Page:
Why You Never Have to Count Calories Again

The next time you’re frustrated with counting calories counting blame Lulu Hunt Peters. This early 20th century doctor popularized the idea of calorie-counting as The Only Answer to healthy weight management.

Calories had long been studied in chemistry circles, but Peters was the first to suggest that cutting excess calories (and not necessarily changing food choices) was the way to slim down.

Fast-forward a hundred years and Americans are still (unnecessarily) obsessed with calories!

Today people gravitate toward absurd calorie-restriction diets ranging from Reese Witherspoon’s baby food diet to Gwyneth Paltrow’s $200 ‘moon-dust’ infused smoothies. However, all of these fads are leaving out the most crucial factor …

Making Calories Count

Experts have now tweaked Peters’ calorie ethos, advising people to select foods that offer maximum nutrients with a reasonable calorie count.

Dr. Dariush Mozaffarian, of Harvard Medical School, discussed the shift in a New York Times interview.

“The evidence is clear that not all calories are created equal as far as weight gain,” he says. “If you’re focusing on calories, you can easily be misguided.”

Indeed, it’s easy to be misguided as our modern food labels typically feature a calorie-count and only two vitamins and minerals. Here’s a better way to navigate the system…

Nutrient Density 101

In a nutshell, nutrient density is the ratio of beneficial ingredients to the food’s energy content for the amount consumed.

Nutrient-dense foods feature a high tally of protein, complex carbohydrates, vitamins, minerals, and antioxidants. Fruits, vegetables, whole grains, lean protein, and healthy oils top the nutrient dense food list.

What do you get out of nutrient dense food? More energy, enhanced digestion, better sleep, happier moods, and overall improved health.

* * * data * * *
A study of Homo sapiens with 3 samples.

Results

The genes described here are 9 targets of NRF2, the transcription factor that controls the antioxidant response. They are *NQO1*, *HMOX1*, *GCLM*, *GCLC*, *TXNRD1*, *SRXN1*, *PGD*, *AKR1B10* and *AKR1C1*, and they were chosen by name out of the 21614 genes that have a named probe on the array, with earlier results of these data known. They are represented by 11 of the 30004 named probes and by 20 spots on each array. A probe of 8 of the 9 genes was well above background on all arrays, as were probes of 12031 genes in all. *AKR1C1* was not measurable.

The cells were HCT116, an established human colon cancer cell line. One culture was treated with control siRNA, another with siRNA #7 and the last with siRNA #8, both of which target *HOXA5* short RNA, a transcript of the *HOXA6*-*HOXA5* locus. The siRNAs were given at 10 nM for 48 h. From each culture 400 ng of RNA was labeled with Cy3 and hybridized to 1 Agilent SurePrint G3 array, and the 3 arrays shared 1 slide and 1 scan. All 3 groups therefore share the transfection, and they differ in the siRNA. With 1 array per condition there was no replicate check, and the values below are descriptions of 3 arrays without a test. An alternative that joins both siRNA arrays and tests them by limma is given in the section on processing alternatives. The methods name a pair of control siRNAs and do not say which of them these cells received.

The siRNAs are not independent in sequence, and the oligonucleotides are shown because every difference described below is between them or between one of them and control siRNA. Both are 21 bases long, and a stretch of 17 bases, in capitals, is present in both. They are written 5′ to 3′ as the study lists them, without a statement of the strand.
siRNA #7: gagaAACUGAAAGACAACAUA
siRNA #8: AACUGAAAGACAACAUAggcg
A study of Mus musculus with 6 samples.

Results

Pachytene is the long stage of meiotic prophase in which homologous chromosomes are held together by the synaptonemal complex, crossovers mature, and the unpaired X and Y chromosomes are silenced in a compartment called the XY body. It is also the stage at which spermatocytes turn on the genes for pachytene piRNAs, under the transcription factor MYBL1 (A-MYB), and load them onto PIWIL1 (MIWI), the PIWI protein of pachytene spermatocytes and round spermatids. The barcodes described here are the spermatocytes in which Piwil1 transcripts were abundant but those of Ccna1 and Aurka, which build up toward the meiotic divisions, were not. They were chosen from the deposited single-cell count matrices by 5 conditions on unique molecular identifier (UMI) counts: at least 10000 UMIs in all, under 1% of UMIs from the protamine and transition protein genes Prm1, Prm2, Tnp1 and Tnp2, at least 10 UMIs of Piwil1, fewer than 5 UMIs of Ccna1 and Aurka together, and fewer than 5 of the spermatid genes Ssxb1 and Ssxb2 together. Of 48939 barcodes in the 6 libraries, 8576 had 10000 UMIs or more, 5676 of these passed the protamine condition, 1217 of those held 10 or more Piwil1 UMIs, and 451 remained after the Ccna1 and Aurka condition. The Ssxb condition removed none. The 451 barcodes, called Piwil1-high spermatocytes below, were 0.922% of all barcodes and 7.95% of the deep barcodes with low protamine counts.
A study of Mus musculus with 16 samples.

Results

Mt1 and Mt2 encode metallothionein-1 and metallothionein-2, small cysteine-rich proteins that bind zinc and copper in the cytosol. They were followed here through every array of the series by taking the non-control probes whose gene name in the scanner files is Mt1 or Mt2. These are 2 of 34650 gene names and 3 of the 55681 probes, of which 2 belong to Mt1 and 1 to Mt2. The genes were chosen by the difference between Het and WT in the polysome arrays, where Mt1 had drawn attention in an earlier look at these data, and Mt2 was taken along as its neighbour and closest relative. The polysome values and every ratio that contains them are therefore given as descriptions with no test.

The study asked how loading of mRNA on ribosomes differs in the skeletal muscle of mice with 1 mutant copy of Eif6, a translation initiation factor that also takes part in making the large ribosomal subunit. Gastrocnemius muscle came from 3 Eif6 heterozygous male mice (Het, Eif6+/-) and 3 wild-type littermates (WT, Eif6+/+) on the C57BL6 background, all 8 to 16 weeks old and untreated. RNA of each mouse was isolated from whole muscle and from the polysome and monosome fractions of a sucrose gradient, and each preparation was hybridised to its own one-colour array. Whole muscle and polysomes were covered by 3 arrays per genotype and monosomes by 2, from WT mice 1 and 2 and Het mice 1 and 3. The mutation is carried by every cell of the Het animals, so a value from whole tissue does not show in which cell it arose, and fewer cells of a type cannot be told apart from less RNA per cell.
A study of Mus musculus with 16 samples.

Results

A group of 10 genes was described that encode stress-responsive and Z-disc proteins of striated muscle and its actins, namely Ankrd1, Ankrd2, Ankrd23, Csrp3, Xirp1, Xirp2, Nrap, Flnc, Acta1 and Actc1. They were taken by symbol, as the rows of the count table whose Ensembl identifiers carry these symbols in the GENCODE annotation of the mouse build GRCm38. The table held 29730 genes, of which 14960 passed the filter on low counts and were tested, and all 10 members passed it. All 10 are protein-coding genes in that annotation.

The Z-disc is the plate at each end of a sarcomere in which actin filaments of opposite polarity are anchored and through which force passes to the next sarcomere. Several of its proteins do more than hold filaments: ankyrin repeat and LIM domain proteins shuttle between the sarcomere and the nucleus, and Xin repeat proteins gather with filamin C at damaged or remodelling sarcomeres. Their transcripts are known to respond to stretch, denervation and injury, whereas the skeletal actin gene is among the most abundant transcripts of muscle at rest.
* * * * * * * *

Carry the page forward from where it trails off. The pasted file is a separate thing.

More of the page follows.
More Bang for Your Caloric Buck

Scientists have long known that our bodies process healthy and unhealthy foods quite differently. For instance, that 500 calorie donut and the 500 calorie serving of fruits or vegetables will have different effects on our bodies.

Sugary foods will spike glucose levels, leading to an insulin issue, making it difficult to lose body fat as insulin is a storage hormone.

Obesity and chronic disease are skyrocketing in the United States thanks to our food choices. For too many, this means a steady diet of burgers, fries and sugary drinks which are woefully poor in nutrients, with few vitamins and minerals. Different calorie sources can have vastly different effects on hunger, hormones, energy expenditure and the brain regions that control food intake.

Bottom Line:

Foods that are nutrient-dense will also help you feel full and satisfied. Plus, the more nutrient-dense foods you eat, the less you’ll crave the unhealthy foods. Stop counting calories and start paying attention to the number of nutrients in your food. It's a new calculation of nourishment that your body will thank you for.  

 

 

 

 

 

 


1 comment


  • Mike Harder

    One nutrient dense bar slowly consumed throughout the morning has me completely satiated until 2 or 3 in the afternoon (that’s after two strenuous workouts). I am feeling great and will continue eating my calories with a purpose. Thanks for the interesting article.